Campfire

Then Robby and I splashed out to the bobbing dock. We dived in.
The
lake did not wash away our worry. At twilight, we caught up with Neil
on the way to supper. First impressing upon him how moved we had been
by the morning’s service, we shifted carefully into an expression of
our distress. “Oh, by the way, are we going to hell if we don’t confess
every sin right away?” we asked.

Walking
beside us, he explained that God’s love for us was His reason for
being. “Love of that kind begrudges nothing,” Neil said. “Simply honor
Him by asking for forgiveness whenever you can.” Then he smiled at us.
“And don’t fret about the stray sins; nothing slips by Him, and neither
will you.”

Neil
had drawn a straightforward, two-step path to salvation: forgiveness
and respect. Heaven looked much more accessible. The earlier sense of
joy flooded back, and I felt saturated with relief.

That
evening the humidity finally receded, and while much of the camp slept,
some of us remained awake around a diminishing bonfire. Neil was there,
and Robby, of course, sat beside me. Like ghosts, two sisters in Holly Hobby pajamas reappeared suddenly out of the darkness. One carried a book.

“Whatcha got there?” I asked, fracturing the quiet.

“A
couple days before camp, two guys stopped by our house to give us this
promo book,” one of the sisters explained. “And talk about their
church, The Jehovah’s Witness.”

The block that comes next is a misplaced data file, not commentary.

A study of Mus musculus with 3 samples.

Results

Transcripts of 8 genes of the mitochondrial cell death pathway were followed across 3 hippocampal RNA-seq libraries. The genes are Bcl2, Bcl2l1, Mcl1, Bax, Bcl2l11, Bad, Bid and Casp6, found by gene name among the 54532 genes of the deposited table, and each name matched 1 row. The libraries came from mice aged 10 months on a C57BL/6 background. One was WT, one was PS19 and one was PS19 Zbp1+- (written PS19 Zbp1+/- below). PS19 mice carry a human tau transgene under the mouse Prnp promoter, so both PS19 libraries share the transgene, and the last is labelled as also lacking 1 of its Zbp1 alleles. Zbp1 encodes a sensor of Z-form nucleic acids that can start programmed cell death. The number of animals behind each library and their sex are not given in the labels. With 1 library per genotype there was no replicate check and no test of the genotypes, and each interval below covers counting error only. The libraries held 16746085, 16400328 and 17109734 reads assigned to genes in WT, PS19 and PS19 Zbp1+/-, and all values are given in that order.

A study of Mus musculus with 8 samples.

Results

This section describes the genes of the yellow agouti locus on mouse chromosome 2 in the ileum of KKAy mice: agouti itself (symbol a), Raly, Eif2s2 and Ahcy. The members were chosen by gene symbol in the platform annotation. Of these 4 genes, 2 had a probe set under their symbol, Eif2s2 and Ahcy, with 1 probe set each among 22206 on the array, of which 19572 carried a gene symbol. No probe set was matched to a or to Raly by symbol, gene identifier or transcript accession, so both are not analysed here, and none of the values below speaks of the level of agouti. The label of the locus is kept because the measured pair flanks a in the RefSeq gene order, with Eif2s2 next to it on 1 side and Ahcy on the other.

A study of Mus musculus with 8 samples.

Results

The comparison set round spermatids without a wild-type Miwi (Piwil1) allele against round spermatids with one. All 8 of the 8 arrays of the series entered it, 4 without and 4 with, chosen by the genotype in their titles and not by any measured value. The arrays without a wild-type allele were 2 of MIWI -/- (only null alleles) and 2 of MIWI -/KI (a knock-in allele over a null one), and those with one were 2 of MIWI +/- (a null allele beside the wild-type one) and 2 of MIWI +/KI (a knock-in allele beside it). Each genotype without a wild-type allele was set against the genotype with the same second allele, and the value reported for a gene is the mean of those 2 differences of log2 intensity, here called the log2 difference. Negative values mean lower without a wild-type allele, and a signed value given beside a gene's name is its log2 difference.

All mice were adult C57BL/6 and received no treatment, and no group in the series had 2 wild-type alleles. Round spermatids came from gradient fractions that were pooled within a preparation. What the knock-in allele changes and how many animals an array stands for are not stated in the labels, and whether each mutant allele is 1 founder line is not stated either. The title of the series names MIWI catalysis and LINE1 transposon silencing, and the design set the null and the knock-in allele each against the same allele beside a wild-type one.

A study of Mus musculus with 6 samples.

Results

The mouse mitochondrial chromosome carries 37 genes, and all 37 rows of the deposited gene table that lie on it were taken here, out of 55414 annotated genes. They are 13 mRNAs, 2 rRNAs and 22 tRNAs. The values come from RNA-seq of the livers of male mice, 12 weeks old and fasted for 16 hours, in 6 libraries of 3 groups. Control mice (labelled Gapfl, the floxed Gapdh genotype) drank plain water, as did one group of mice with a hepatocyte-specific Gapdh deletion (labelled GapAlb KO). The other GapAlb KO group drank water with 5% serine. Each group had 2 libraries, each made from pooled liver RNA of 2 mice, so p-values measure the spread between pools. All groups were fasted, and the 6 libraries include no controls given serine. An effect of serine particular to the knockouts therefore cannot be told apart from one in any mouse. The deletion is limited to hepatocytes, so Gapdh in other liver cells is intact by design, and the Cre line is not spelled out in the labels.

Pious
snickers circled the fire. We knew from our sermons that Jehovah’s
Witnesses were somewhere on God’s priority list between Mormons and
Satanists.

“And
we brought it here to burn.” She handed the book to Neil. He lay it
across his lap, opened it at random, paused, and then with all the
satisfaction and disgust of a man peeling away a scab, he ripped a page
from its gluey spine and tossed it into the fire where it curled
defensively. He then passed the book to the boy beside him who did the
same.

This inexcusable act of defacement singed and then consumed my new faith. To me, books, good or bad, were sacred objects.

A
tiny but determined sense of self-assurance swelled within me as the
burning ritual continued. “Hitler burned books!” I wanted to shout. But
every glowing face, including Robby’s was wild with the sacrificial
zeal of Antinomianism.

The
book made its way to my hands, and my opportunity to extinguish this
righteous pyre with a discussion of forgiveness and respect arrived.
Robby, my bookworm kin, warmed my side, but youth cooled my heels.
Sheepishly I passed what was left to Robby, willing him to pass it on
again, but he tossed the remainder into the pit, and I burned with
disappointment.

Ten
years later, a major in biology at the U. pushed God out of my heart and
into my brain, and so the final remnants of my relationship with Robby
drifted away like smoke and ash. Ten years after that, a newspaper
article concerning Herald, now a minister, reached me. Herald and his
congregation were protesting the imminent removal of a Ten Commandments
monument cemented outside a public building in the Great Plains. I
looked for a photo, or even a mention of Robby, but found nothing. I
wanted to know if he’d added children of his own to his father’s
expanding family. If so I’d ship them a boxed set of The Chronicles
Of Narnia
for some summer reading, along with an old snapshot I have
of Robby and me standing against the lake.